This repair first started out as thinking we needed to replace the whole regulator unit. Come to find out it was simpler than that. It just needed the clips that attach the regulator to the brackets that mount to the bottom of the window. Replacing the clips seem easy enough but you’ve got to remember how to attach them and remove the old ones and not break the new ones while installing them.
You have to have a general idea of how they go back together. As I looked at the new clips in the bag that I purchased from eBay, I could see that there was 2 for the driver side and 2 for the passenger side. But they were not marked! So I looked at other auto part retailers websites for extra references to figure out which ones were the passenger and which one was the driver side.
After deciphering this, I can proceed to install my new clips on my regulator that I got from a junkyard. Starting this project, I know which tools I need for this job. I need a small tip flat bit screwdriver, a pair of needle nose pliers and my dad’s channel lock pliers. Next, I start to dig out this little block that holds the clip in place on my little metal strand of wire that these clips are attached to that allows the window to go up and down.
Once I get it out I begin the fun of reinstalling my new clips on my steel brackets that will bolt to the bottom of my window bracket once my window regulator is back in the car. Now, this is where I went to those automotive part retailers online as a reference to installing my clips properly so my clips are on my rails perfectly.
While doing this job I really didn’t want to break these clips and have to buy new ones and delay this job any longer than it already has. Now you will see next how I reattach the little steel ball that’s attached to the steel cable into the clip with my channel lock pliers. After that, I get to attach the clip to the window regulator rail with just a dab of lube grease as it shows in my picture, this is how it goes on and don’t force it. I put lube grease on because these rails were a little dry and lube grease is all I had.
In my picture, it shows it went on with ease. And looks like a brand new regulator. Going to my car, I unhook the negative cable on the battery first, because I will have the door open for a long period. Now, I get the fun part of taking the door panel off, diving in and putting this beauty back to work. This door panel has three screws holding it on. One behind the reflective lens and two just behind the door grip.
Then get an interior door panel tool or a flat bit screwdriver and start popping the clips that hold the door panel on and gently pull them away then the plastic sheeting on the door can be removed. Then there is this heavy steel plate that the door handle screws are mounted to that has three nuts on it that are all 10 mm sockets. Once I got this plate out of the way I can commence installing my window regulator. Now, this thing needs to be crossed to fit in the narrow section in the middle of the door. Where that heavy steel plate was that was just removed in order to get it in its proper position. I also remember where the positioning of my power window motor was when I took it out the first time.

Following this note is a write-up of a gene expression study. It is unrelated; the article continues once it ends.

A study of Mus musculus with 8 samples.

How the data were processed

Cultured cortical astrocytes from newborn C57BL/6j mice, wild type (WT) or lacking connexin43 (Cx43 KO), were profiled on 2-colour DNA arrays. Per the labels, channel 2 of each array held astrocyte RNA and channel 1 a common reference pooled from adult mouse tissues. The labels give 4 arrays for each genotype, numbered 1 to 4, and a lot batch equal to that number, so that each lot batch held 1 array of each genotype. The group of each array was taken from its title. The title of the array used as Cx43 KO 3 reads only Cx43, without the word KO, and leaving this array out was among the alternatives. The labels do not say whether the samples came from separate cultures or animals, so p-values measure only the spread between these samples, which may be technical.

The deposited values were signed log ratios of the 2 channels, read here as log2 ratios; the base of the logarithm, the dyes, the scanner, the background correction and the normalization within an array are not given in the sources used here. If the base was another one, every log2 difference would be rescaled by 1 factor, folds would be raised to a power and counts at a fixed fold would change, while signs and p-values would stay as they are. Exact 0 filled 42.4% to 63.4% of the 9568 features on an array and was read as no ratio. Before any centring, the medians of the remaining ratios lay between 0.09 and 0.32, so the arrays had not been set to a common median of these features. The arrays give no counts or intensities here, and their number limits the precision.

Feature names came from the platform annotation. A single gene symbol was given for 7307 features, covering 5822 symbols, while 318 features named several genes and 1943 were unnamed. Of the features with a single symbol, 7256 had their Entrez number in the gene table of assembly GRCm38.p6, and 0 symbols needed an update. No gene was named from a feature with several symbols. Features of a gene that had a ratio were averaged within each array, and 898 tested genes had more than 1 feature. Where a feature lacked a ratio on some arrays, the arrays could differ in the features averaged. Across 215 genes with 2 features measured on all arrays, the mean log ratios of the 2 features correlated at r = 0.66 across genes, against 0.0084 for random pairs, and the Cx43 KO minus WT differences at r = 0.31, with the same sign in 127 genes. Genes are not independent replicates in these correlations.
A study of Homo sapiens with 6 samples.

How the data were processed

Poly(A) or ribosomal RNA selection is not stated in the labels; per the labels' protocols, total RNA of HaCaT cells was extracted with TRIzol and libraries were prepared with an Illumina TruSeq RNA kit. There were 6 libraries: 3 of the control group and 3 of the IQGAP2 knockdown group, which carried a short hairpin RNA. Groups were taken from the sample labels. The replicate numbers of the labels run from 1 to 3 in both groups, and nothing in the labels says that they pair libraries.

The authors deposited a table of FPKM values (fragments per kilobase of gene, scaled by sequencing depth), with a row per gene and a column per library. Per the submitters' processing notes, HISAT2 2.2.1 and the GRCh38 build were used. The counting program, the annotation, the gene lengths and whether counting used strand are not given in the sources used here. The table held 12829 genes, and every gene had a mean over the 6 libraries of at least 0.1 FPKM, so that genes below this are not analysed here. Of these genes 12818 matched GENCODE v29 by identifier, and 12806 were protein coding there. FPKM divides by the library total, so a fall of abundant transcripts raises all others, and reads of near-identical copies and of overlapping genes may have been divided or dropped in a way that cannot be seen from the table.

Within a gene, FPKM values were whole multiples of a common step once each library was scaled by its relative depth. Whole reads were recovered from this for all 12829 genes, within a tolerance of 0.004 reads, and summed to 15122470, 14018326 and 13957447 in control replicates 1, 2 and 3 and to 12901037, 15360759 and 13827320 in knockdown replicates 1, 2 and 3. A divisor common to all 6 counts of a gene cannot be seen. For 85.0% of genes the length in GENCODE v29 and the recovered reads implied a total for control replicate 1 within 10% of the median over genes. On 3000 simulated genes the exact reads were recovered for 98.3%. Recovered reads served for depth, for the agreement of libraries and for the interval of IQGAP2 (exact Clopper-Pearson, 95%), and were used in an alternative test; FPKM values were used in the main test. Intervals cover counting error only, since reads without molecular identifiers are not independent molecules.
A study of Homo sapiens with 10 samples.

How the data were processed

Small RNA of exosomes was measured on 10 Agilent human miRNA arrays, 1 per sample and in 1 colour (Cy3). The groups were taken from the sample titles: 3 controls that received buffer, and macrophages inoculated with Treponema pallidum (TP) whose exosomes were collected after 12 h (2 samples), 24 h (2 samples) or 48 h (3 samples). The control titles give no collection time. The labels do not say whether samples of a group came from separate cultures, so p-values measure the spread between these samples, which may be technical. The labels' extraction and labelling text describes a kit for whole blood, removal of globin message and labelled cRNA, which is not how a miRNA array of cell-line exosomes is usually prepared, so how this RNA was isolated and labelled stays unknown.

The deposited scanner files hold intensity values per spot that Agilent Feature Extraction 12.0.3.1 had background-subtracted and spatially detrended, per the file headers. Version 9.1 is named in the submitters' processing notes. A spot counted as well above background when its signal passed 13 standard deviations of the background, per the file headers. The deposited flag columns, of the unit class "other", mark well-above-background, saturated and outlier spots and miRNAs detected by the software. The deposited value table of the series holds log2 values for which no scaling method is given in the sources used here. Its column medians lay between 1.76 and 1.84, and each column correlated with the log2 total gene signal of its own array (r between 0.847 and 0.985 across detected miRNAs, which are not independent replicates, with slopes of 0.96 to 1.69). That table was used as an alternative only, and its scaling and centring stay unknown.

Ok. Once my regulator is in position, I install the bolts for the tracks of the regulator and I DO NOT tighten them down yet, I just started a couple of threads to hold it. Then, I grab my wire coat hangers I use to hold the window in place to the existing mounting holes for the regulator.
Remember to put these bolts in the brackets for the window and only starting a couple of threads also, for a good alignment before tightening down the window regulator tracks. Now, making sure everything is lined up properly, I can go back and tighten the window mount bolts then the window regulator tracks, then plug in the motor to your regulator.
Ok, the next thing is plug in the switch for the windows, rehook up the negative cable on the battery. I can test it at this point before putting it all together. I would hate to have to put it all together and take it all apart again, it’s just easier to test it at this point. We have a winner!!! YAY, it works!!!
Now to go back and unhook the battery again while I finish the rest. But before I finish putting the door panel on, I still have to replace the speaker in the door. I was just going to splice it into the original wire harness but I decided to take the whole speaker out and tap all the way into the speaker and all of its original connections with a couple of butt connections, it made it a nice clean job. No one would know that it wasn’t a factory new speaker.
Now the re-installation of the door panel and all the electrical connections and the upper door panel and window sill. Be patient with the door panel. It may fight you a little bit, the material at the top of the door panel may pull up a little bit but if you run a medium size flat bit screwdriver along with it and the screwdriver is on its side, you can tuck it back in and make it nice and clean without any hassle.
Now just line up the clips of the door panel and pop them into place with a quick slap of the palm of your hand. Then install the 3 screws for the door panel, the 2 behind the handle grip and the one behind the reflective lens at the bottom of the door. Then just pop in your lens and don’t forget to reconnect your battery. Now to enjoy the work that was done on your window for many years down the road!